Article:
Infrastructure plays a vital role in the lives of New Yorkers, allowing goods and services to flow smoothly throughout the state. In New York State, 50% of paved roads are in fair or worse condition, and every day 17 million New Yorkers drive over bridges that are deficient. Poor infrastructure adds to the cost of living, which in turn translates into lost productivity, more damage to vehicles, more injuries on our roads, less time with our families and a significant increase in our carbon footprint. Poor road and bridge conditions cost New York drivers $1,500 a year. Everyone can agree that something needs to be done.
Severe weather events have exacerbated the deteriorating conditions and underscored the vulnerability of New York’s infrastructure systems. It is important that New York make the appropriate investments now before conditions worsen. For many years, New York has relied on the federal government to deliver reliable and consistent funding programs for infrastructure. Recently, however, the political atmosphere in Washington, D.C. has brought the Highway Trust Fund to near insolvency with only piecemeal solutions offered at the last minute.
The Federal Highway Administration has estimated that for every billion dollars spent on infrastructure, 28,000 jobs are created. These jobs will benefit workers with specific skill sets and bolster minority and women-owned businesses. More jobs will positively influence spin-off economies and related service and material suppliers throughout the state. This investment will also result in new tax bases that will pay an immediate dividend. Sound infrastructure will attract businesses to invest in the city, while crumbling roads and bridges will make investment less attractive and could lead to an exodus of businesses and the jobs they create.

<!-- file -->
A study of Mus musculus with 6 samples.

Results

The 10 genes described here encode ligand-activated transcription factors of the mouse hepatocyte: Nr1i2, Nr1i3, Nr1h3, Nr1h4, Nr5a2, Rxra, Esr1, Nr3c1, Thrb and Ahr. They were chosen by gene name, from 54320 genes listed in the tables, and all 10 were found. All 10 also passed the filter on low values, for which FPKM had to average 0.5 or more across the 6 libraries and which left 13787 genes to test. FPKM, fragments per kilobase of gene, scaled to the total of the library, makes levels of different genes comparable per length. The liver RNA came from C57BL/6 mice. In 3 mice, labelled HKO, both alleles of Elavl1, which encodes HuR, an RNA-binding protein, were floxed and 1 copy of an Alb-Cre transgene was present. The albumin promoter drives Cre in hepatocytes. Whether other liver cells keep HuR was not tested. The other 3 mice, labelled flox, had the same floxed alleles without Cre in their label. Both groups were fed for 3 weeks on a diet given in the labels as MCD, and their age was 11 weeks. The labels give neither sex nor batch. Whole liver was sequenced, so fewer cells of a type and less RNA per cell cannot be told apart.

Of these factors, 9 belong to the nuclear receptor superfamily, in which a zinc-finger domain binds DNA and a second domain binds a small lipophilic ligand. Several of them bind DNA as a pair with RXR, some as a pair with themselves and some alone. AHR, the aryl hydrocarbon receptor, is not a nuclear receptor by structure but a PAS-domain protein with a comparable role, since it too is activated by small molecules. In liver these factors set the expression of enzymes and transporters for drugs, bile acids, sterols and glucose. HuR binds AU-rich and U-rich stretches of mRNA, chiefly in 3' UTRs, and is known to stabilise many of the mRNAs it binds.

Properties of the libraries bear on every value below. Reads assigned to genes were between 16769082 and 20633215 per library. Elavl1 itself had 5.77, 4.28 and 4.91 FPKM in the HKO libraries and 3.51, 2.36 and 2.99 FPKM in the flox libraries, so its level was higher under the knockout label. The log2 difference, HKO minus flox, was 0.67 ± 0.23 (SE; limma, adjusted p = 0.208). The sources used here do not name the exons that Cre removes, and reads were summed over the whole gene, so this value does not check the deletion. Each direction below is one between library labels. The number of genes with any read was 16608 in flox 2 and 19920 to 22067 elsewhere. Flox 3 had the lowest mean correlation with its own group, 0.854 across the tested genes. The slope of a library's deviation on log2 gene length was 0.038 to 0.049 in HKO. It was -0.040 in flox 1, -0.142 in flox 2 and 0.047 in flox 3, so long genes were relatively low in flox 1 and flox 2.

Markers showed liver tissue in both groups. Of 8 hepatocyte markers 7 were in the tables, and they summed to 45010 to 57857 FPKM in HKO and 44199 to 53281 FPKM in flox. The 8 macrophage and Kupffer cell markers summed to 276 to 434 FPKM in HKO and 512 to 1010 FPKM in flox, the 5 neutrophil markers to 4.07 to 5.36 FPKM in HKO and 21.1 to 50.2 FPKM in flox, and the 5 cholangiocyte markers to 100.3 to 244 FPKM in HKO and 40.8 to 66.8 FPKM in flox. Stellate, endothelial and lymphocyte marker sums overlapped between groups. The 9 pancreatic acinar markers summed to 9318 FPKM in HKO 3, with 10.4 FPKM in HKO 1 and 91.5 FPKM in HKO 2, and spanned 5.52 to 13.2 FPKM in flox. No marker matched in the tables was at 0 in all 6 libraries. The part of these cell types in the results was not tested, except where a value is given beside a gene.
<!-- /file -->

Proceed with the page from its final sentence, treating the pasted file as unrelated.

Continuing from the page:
New York’s funding needs are stark, and the benefits of investment clear. This is not just a state-level problem, and solutions will be found only when the federal government provides a long-term transportation bill that addresses the failing Highway Trust Fund. Legislative leaders and industry partners must make it clear to congress that a long-term, stable transportation bill will allow states such as New York to plan long-term capital programs on the state level.
Government sources of funding are not the only solution, however. The traditional method of financing and developing transportation infrastructure projects was created to protect the public interest by providing substantial public sector oversight of public funds. However, by providing access to alternative financing sources like public-private partnerships (P3s), the state can facilitate the construction of projects that might otherwise have been delayed or not built at all. By infusing private capital, the state can offer vital transportation services without committing capital resources. While P3s mean different things to different people, the public and private sectors already work together to maximize the limited resources we have.
Utilizing alternative delivery methods like P3s and design-build, in certain circumstances, may be a way to get more projects delivered or delivered more efficiently. Design-build is an integrated approach that provides the owner with design and construction services under one contract with a single source of project responsibility. ACEC New York supported the original implementation of design-build in New York State in late 2011 and supports its continued use and expansion to appropriate projects and circumstances. When implemented correctly, design-build can save money and move projects through the pipeline more quickly and efficiently. ACEC New York urges the governor and the legislature to reauthorize design-build in New York as soon as possible.
In these challenging times, we must not lose sight of the fact that New York State’s infrastructure is a critical component of our ability to return to economic prosperity. To that end, ACEC New York is committed to working with our public counterparts to maximize the benefit of every taxpayer dollar spent on the state’s transportation and infrastructure programs.
Jay Simson is president & CEO of ACEC New York, Albany, N.Y.